Enter the central atrium at Sinai Temple and the Alice and Nahum Lainer School on Wilshire Boulevard, and colorful stained glass “windows” now greet visitors.
The windows are actually made of paper and were designed by 48 seventh-graders from the Lainer School after conversations the children had with Holocaust survivors earlier this year.
The students met with 21 survivors in February to hear their stories. They then created the windows based on their interpretation of the survivors’ stories.
The program was co-created by Lainer Judaic Studies Director Irit Eliyahu, Jewish History and Rabbinics teacher Rebecca Berger, the Righteous Conversations Project, and teaching artists Ruah Edelstein and Masha Vasilkovsky. The entire project was made possible through a grant from the nonprofit organization Facing History and Ourselves.
The students spent three months working on the project and at the end of May, 16 of the survivors and the students came together again with friends and family at Sinai Temple for the unveiling of the windows.
Tiny replicas of the windows were presented to the survivors, along with pictures with their students that were taken at the original event by Righteous Conversations photographer Gina Cholick.
“To tell a story is one thing,” Eliyahu told the Journal. “To take the story of a person and make it into an artistic exhibit is something [else].”
“This was a window looking into somebody’s life and looking into a future,” she added. “A window is very symbolic.”
Thirteen-year-olds Joshua Roussak and Isaiah Ofek depicted the story of Frank Schiller, 92, from Schiller’s capture on his 13th birthday and his time in a ghetto, through his escape from a rail car into the forest.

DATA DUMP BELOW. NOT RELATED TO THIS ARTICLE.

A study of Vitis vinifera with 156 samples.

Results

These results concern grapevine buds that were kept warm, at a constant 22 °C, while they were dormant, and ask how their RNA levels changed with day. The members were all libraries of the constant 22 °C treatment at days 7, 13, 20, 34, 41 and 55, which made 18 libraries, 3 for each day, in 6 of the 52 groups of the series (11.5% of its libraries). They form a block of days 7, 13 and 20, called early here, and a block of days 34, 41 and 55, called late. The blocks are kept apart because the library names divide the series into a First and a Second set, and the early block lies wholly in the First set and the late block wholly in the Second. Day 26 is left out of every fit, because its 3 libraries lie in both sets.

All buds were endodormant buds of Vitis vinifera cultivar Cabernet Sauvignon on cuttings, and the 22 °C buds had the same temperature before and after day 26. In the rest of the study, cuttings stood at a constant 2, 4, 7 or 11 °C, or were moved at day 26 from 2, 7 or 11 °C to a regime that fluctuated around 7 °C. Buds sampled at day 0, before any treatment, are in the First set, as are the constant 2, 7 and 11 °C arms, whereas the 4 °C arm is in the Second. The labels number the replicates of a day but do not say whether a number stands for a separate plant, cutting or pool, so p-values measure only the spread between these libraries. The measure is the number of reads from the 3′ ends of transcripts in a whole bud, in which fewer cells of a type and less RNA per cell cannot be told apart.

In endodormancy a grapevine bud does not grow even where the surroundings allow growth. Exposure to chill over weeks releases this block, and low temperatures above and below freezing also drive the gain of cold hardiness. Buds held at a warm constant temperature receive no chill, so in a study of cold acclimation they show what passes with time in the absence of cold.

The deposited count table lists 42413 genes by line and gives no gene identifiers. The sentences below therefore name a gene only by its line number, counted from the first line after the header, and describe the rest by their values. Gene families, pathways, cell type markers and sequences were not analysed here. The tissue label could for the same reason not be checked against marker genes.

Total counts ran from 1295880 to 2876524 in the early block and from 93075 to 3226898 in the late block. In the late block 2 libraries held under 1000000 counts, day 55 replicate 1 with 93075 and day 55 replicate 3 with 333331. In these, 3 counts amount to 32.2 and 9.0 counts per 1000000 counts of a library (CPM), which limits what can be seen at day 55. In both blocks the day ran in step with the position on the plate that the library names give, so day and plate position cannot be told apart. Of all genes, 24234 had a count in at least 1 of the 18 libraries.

“I feel like I learned bravery,” Ofek said, “because Mr. Schiller was brave enough to jump out of the rail car, being at risk of getting shot or captured by a Nazi.”
“Standing before these magnificent windows, I am struck by the power of curiosity and compassion and respect when it is expressed through the language of color, form and light.” — Samara Hutman
“Besides risk-taking,” Roussak added, “I also learned to appreciate the great times in my life.”
Lizzy Getman and Sarah Hoorfar, both 13, met with 92-year-old Martha Sternbach. They created their window based “on one side the dark times and on one side the good times,” Getman said.
“And how she overcame [the bad times],” Hoorfar added. “She lived the hard times, so we could live the good times.”
Righteous Conversations Project Director Samara Hutman said the art exceeded her expectations. “It was not only the art but the quality of relationship that was built with deep respect and curiosity and a sense of wonder,” she said. “Standing before these magnificent windows, I am struck by the power of curiosity and compassion and respect when it is expressed through the language of color, form and light.”
Twelve-year-olds Alexis Harouni and Lauren Reoua met 87-year-old Dorothy Greenstein. One side of their window reveals a dark sky with stars to commemorate the memory of those lost in the Holocaust. The other shows a bright flower to represent the growth of the Jewish people in the aftermath of the tragedy.
“My favorite part of this was interviewing Dorothy,” Harouni said. “It was very meaningful to be able to be the last generation to hear the stories personally and then be able to carry them on.”